The reasons for and against this trip from Victoria to Toronto pile up like a postgrad Ryerson student’s cost-benefit analysis.
On the nay side: 1) BC’s on fire and there aren’t many passages through the mountains — we could be stuck for days, sent on goose chases — or worse
2a) the Delta variant
2b) AstraZeneca’s efficacy rate is 79%
3) no self-driving technology is so advanced that you can sleep through Saskatchewan without touching the steering wheel, and
4) by the time you’re used to buzzing through all the Western provinces, Ontario’s size proves even bigger than its sense of self-importance.
Oh, and 5) Manitoba’s sick and tired of being overlooked.
Meanwhile, the yeas: 1) I’ve never done it before; it could be fun but certainly will be memorable, and 2) I’ll spend time with my daughter, who I haven’t seen anywhere but on a screen since January 2020.
Decision made, 2 beats 5.
Now, how to get someone else to pay for it? Hmm. And hmm, some more.
Hey, let’s make it a road story! Something even the least social, most on-the-spectrum hermit would swallow whole after these 18 boring months of driving nowhere but the liquor store and seeing no one but double-masked ‘essential’ front-line workers at curbside-service, stuffing cases of vinho verde in the trunk.
So — and I mean this — thank you for your attention, and don’t be afraid to ask your doctor help.
Today is the first of at least 12 days of driving gradually across much of Canada, from Victoria to Toronto, moving my daughter. You may ask why anyone would leave a decent job, then move from Heaven by the Sea to the Mistake on the Lake. In her case, it’s to study at what may still be called Ryerson University. You may also ask, given all the boxes ticked up in the nay column, why kick off on Friday, 13th? Moreover, why is this story’s wordcount 666?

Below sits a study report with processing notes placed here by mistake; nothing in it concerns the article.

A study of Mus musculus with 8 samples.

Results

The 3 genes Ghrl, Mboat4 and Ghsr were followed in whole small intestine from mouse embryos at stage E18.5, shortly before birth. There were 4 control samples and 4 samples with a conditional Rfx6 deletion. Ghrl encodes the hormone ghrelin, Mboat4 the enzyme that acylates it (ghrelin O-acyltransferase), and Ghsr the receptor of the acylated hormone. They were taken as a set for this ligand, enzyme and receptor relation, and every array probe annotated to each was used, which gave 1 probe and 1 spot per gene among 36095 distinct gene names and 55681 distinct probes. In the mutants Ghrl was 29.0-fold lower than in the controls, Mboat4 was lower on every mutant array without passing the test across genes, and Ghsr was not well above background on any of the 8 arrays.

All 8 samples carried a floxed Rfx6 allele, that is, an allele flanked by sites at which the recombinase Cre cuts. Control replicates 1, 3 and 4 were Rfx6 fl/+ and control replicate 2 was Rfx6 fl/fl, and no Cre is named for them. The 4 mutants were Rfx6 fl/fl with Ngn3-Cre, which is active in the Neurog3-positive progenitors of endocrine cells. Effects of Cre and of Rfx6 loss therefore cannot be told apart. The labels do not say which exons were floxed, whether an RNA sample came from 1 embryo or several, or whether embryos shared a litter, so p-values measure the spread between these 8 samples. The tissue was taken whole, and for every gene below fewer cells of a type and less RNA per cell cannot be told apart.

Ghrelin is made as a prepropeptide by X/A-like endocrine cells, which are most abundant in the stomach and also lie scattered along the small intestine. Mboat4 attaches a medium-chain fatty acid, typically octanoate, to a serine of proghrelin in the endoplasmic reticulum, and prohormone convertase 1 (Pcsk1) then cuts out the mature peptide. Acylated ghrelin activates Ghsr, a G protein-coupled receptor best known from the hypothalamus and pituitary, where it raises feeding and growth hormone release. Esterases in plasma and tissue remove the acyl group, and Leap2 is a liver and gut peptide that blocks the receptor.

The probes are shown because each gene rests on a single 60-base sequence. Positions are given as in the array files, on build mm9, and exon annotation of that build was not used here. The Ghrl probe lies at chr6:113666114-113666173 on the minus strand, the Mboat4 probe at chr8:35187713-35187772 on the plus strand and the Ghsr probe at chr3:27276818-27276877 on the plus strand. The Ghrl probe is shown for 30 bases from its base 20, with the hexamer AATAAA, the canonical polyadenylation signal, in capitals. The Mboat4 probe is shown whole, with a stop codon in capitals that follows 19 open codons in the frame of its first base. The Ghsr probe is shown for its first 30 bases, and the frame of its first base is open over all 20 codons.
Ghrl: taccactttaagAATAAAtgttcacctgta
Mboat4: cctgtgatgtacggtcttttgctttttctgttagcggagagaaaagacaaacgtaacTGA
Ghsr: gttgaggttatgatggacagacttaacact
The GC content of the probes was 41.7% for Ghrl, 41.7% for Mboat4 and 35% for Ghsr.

Because, more accurately, today is the really negative 3rd day of our trip. That is, today I fly to Vancouver, pick up a Chrysler Pacifica Pinnacle Hybrid, then ferry it across to Victoria tomorrow. Justine and I will spend two days preparing, packing and ejecting what doesn’t spark joy, before officially kicking off on Monday from the Pacific to points east — or at least points central.
It’ll be fun. Justine and I have many great travel memories. While classmates in her graduating high school year spent their March Break contracting chlamydia in Boca Raton or sweating through Señor Frog’s top-shelf tequila hangovers beachside in Cancun (or, let’s be honest, both) we drove through Death Valley in a Mustang Convertible, camping beneath a Milky Way so bright, it seemed possible to reach up and pluck stars from the firmament.
The year France went all the way to the World Cup Final only to headbutt the Italians into their victory parade, we spent what Québecois call St Jean Baptiste Day playing midnight soccer with locals by a bonfire in the tiny village of Rodes, in Catalonian France, half an hour from the Spanish border. “Who’s this Baptiste guy?” they asked. There, they celebrate St Jean de Canigou, a mythical mountain man who brought fire down to the locals.
Fire. Baptism/water. To each his own.
Speaking of blowing it in the finals, we coincided separate European trips in Croatia, during that country’s own miraculous World Cup ride in 2018. The town Zadar dates back to Roman times. Picture what looks like the Ligurian coast with the world’s sweetest sunsets, populated by supermodels speaking what sounds like Russian with Italian accents. Sensory overload.
This year, we’re driving all the way across Canada (except for five provinces and three territories).
We haven’t done any planning so can honestly say, whatever happens, things won’t fall off-schedule. Either wish us luck, or return here daily over the next week or two for regular injections of schadenfreude.